The ranks of the Greatest Generation are thinning, as the boys who once liberated Europe and Japan continue to slip from old age into the great beyond. But if you wonder what the war was like for them, the National World War II Museum in New Orleans offers the closest thing to walking in their footsteps.
For some visitors—like me—it’s personal. My maternal grandfather was a medical officer in the North African and Italian campaigns, and he was one of my best childhood friends. He let me and my brothers play “army” wearing his old uniforms. But he rarely spoke about those dark days in the 1940s.
Toward the end of his life, he mentioned to me that, on the voyage across the Atlantic, he and his fellow soldiers had no idea where they were landing. I remember him saying, quietly: “While I was overseas, I thought the war would never end.” He left the rest a mystery.
Many visitors to the National World War II Museum are the children and grandchildren of servicemen who are looking to fill in such blanks. Others visit “as a way to honor veterans,” says museum spokeswoman Kacey Hill. She says the museum’s directors understand that they have been entrusted with something of a sacred mission: telling the epic story of the most destructive war the world has ever known, and of the men who fought it.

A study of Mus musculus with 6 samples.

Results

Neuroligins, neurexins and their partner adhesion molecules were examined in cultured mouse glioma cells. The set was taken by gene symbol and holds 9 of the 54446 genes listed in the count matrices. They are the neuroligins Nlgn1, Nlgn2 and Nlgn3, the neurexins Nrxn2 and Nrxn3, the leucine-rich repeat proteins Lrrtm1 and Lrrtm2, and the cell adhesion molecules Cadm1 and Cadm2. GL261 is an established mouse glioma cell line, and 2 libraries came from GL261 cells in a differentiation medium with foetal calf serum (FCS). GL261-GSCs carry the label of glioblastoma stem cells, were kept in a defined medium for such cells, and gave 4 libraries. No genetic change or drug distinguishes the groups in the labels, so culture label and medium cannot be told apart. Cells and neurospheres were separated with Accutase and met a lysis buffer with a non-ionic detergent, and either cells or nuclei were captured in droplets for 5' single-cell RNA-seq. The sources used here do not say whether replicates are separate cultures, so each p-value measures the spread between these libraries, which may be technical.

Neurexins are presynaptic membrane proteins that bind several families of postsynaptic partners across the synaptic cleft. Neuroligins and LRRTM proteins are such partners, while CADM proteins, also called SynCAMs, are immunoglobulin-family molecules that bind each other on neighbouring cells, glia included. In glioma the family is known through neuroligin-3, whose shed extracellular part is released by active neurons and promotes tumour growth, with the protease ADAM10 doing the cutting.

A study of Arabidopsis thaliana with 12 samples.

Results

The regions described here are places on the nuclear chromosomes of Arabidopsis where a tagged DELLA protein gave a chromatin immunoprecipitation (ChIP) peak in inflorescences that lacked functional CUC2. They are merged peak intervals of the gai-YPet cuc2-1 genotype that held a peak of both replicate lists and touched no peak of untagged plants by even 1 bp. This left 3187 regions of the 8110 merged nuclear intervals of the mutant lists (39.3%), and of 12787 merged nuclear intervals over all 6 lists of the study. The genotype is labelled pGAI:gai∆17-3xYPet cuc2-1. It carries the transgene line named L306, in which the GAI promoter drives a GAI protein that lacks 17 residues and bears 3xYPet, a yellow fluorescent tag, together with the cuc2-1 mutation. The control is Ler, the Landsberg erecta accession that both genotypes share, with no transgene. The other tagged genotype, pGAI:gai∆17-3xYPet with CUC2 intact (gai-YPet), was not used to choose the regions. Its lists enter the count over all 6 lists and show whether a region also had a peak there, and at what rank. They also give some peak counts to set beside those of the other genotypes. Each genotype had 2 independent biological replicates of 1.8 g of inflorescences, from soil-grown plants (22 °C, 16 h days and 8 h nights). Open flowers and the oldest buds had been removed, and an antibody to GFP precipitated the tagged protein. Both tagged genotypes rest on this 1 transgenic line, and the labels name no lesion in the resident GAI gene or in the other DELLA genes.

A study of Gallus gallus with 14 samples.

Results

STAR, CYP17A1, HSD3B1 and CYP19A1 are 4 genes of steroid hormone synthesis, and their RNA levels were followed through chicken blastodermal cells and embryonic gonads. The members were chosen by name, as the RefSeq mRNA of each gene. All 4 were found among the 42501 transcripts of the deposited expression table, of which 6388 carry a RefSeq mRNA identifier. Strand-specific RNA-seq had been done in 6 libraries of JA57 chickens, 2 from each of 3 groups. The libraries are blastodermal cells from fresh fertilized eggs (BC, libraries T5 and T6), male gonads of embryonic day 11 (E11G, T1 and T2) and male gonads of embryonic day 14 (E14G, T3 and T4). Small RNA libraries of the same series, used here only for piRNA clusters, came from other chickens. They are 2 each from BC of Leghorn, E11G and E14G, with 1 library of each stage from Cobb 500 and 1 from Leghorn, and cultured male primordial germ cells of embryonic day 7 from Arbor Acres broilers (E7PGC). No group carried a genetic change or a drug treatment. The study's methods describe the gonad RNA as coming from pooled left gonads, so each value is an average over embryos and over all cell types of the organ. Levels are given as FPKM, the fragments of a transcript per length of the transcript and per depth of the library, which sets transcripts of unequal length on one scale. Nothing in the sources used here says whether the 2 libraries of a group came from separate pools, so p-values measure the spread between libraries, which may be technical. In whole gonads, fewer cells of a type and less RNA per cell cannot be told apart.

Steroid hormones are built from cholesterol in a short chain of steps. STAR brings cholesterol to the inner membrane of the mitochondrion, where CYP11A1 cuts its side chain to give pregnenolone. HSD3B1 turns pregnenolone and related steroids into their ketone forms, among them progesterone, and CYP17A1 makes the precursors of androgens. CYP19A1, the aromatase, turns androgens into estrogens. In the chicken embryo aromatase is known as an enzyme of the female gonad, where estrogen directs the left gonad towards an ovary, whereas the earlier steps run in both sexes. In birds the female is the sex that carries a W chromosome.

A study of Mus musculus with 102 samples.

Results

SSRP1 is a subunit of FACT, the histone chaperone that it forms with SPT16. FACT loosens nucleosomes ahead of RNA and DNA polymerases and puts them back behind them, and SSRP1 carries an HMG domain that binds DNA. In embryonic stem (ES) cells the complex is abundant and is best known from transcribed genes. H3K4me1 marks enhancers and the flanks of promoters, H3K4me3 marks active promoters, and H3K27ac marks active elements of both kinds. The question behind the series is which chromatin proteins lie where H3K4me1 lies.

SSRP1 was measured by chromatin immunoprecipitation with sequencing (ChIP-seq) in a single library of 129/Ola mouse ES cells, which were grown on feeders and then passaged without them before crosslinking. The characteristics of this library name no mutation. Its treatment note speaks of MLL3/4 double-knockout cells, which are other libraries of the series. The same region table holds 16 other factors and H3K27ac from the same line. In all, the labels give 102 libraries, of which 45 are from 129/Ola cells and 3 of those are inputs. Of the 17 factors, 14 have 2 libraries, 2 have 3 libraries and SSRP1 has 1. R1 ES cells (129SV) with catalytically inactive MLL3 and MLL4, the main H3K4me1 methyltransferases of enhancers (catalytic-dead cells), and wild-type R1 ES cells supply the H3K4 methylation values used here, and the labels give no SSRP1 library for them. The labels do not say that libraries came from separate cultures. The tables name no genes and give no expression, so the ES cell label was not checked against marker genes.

The story unfolds through a varied and expanding museum arsenal. It deploys artifacts like authentic Sherman tanks, fighter planes and the New Orleans-made Higgins boats, which enabled the amphibious invasions that won the war. The museum includes permanent displays and revolving exhibits on particular topics or battles. Exhibits feature interactive maps and touch-screen oral histories.
One of the newest features is a 4-D film that is shown on a huge screen in the museum’s Solomon Victory Theater. Produced by Hollywood star Tom Hanks, who was one of the original backers of the museum, the film “Beyond All Boundaries” unfolds on a giant panoramic screen. Special, in-theater effects include “snow” falling as winter sets in on the screen; theater seats that shake and shudder as tanks draw near; and “smoke” that seems to come from airplane engines as they take enemy fire.
“The film is spectacular and immersive,” Hill says. The rapidly growing museum also includes a cabaret called the Stage Door Canteen, which offers 1940s-era live entertainment, and the American Sector restaurant, with award-winning chef John Besh at the helm.